Pressure is key vs. Woodson

The Georgia Bulldogs provided the blueprint for beating Kentucky last weekend by pressuring Andre Woodson all day and sacking him five times en route to a 24-13 victory.

Even equipped with the blueprint, though, the Tennessee Vols may be unable to get the job done this weekend in Lexington. A blueprint is only effective if you have the right workers – pass rushers in this case – needed to finish the job. Based on the first 11 games of 2007, Tennessee does not have them. The Vols rank dead last among SEC teams in sacks, a situation that is a source of considerable annoyance to their defensive coordinator.

"We're not accustomed to being at the bottom of the league in sacks," John Chavis said. "There was a long, long period of time when we did that (pressure the passer) better than anybody in the league."

Lately, however, Tennessee has been among the league's worst at pressuring the passer. The Vols registered just 17 sacks in 2006 and have just 14 thus far in 2007. That's one reason Tennessee ranks 11th among the 12 SEC teams in pass defense and 10th in pass-defense efficiency.

"Part of our struggle is the fact we're not as good at rushing the passer as we'd like to be and as good as we've been in the past," Chavis conceded. "That includes our pressure package. It's not just the guys upfront. A big part of what we like to do is pressure, and we haven't been able to do that at the level you need to in the SEC. Fourteen sacks in 11 ball games … that's not good."

By comparison, Georgia has 29 sacks this fall, including the five it registered last weekend against Kentucky.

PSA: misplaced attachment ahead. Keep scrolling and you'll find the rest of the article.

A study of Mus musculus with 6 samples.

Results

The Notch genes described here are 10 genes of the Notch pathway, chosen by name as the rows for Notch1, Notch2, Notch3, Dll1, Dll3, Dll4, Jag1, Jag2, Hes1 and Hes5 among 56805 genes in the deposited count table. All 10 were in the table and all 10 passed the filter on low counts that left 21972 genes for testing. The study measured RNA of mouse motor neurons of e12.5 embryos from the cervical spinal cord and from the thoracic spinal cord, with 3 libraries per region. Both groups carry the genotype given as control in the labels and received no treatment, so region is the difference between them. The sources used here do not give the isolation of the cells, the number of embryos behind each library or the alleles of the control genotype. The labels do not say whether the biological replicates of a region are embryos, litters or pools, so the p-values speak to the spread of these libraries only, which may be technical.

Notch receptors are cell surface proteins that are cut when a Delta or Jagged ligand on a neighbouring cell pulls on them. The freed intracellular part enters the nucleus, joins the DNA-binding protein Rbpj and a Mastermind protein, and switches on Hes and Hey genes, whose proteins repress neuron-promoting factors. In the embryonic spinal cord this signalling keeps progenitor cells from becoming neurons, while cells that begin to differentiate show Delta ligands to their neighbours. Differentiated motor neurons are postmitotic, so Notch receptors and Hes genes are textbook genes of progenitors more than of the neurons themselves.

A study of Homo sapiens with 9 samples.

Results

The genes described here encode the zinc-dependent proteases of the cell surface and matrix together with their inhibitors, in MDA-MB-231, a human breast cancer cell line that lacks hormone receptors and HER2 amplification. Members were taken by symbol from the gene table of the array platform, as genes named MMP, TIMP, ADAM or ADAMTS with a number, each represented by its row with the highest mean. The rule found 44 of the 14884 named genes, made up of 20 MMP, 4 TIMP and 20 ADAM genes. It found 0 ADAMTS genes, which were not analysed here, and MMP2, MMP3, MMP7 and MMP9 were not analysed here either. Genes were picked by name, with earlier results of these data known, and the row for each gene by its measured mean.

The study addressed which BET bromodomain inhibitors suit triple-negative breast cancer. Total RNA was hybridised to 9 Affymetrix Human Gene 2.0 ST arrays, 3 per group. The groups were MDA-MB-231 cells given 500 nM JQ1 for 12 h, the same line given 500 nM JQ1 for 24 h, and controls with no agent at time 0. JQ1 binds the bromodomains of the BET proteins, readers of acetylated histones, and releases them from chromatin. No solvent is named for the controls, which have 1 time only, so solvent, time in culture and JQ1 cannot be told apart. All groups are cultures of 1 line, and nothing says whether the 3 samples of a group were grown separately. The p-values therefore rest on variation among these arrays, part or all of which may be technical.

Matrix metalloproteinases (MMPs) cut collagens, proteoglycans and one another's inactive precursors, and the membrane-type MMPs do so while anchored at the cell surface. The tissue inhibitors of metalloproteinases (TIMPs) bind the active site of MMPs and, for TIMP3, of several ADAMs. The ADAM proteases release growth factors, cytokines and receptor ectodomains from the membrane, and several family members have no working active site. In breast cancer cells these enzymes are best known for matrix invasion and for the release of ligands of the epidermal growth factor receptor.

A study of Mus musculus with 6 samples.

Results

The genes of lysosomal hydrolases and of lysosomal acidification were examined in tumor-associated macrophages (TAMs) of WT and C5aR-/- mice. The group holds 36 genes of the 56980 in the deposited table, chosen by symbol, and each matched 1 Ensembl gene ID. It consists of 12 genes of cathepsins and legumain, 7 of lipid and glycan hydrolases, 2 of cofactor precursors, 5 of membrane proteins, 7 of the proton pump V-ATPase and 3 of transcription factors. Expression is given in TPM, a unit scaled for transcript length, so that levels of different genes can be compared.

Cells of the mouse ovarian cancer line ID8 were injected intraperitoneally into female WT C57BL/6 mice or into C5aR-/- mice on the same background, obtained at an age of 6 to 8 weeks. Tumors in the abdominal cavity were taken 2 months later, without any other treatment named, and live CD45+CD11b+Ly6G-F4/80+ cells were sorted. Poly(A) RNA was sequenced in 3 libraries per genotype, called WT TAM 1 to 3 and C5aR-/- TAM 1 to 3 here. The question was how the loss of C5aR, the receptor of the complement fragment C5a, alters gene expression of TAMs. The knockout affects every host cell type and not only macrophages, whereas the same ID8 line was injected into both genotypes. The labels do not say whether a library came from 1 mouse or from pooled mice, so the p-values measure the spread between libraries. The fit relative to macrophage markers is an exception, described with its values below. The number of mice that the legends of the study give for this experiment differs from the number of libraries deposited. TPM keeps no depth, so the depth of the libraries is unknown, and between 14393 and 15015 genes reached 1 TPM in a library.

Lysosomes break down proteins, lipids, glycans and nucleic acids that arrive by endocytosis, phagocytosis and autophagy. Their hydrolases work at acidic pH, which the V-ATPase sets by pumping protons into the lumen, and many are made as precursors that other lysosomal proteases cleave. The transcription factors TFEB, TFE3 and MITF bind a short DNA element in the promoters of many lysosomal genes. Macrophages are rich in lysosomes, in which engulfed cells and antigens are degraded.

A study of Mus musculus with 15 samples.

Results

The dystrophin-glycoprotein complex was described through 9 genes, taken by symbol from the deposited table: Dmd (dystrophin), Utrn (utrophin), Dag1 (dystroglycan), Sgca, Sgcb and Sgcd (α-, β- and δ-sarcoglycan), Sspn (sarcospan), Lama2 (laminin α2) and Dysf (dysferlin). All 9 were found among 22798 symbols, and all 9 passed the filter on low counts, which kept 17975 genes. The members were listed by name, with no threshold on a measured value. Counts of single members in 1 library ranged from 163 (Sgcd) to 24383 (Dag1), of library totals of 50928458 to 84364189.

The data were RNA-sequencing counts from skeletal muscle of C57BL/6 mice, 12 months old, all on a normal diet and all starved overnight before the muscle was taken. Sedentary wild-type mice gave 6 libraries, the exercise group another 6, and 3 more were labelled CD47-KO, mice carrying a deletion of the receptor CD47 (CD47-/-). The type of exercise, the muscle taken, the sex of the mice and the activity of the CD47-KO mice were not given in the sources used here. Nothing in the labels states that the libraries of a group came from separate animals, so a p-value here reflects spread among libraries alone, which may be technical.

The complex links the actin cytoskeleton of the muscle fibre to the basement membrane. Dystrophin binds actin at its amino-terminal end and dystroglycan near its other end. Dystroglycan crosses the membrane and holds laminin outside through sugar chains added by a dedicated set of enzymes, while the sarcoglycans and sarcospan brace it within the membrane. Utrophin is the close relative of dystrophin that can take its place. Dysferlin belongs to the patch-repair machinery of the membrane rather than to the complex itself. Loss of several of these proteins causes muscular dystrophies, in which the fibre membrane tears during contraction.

"Any time you're able to sack a guy four or five times in a game that's big," Chavis said. "Obviously, Kentucky started off well (10-0 lead) but when they (Bulldogs) were able to get pressure and mix it up, they did a great job of mixing it up."

Tennessee has blitzed less than usual and played more zone coverage than usual this year. That's because the Vols lack pass rushers in the front four and lack experience in the secondary. Still, Tennessee blitzes and plays man coverage occasionally because, as Chavis notes, "You've got to have a mix there."

When the pass rush is weak, the coverage must be strong. Tennessee could upgrade its coverage by playing its "dime package" (six defensive backs) but there's a problem: After losing Demetrice Morley and Roshaun Fellows to disciplinary actions and losing Antonio Gaines and Marsalous Johnson to knee injuries, the Vols don't have six healthy defensive backs.

"When you're dealing with numbers, as we are now, it's hard to rely on it (dime package) a lot because if you get another injury, then you're out of it completely," Chavis said. "We're basically playing five DBs and a linebacker now, where in the past we've been six DBs. We're not where we need to be because of numbers."

Speaking of numbers, look for Woodson to put up some impressive ones unless the Vols can locate a pass rush between now and Saturday.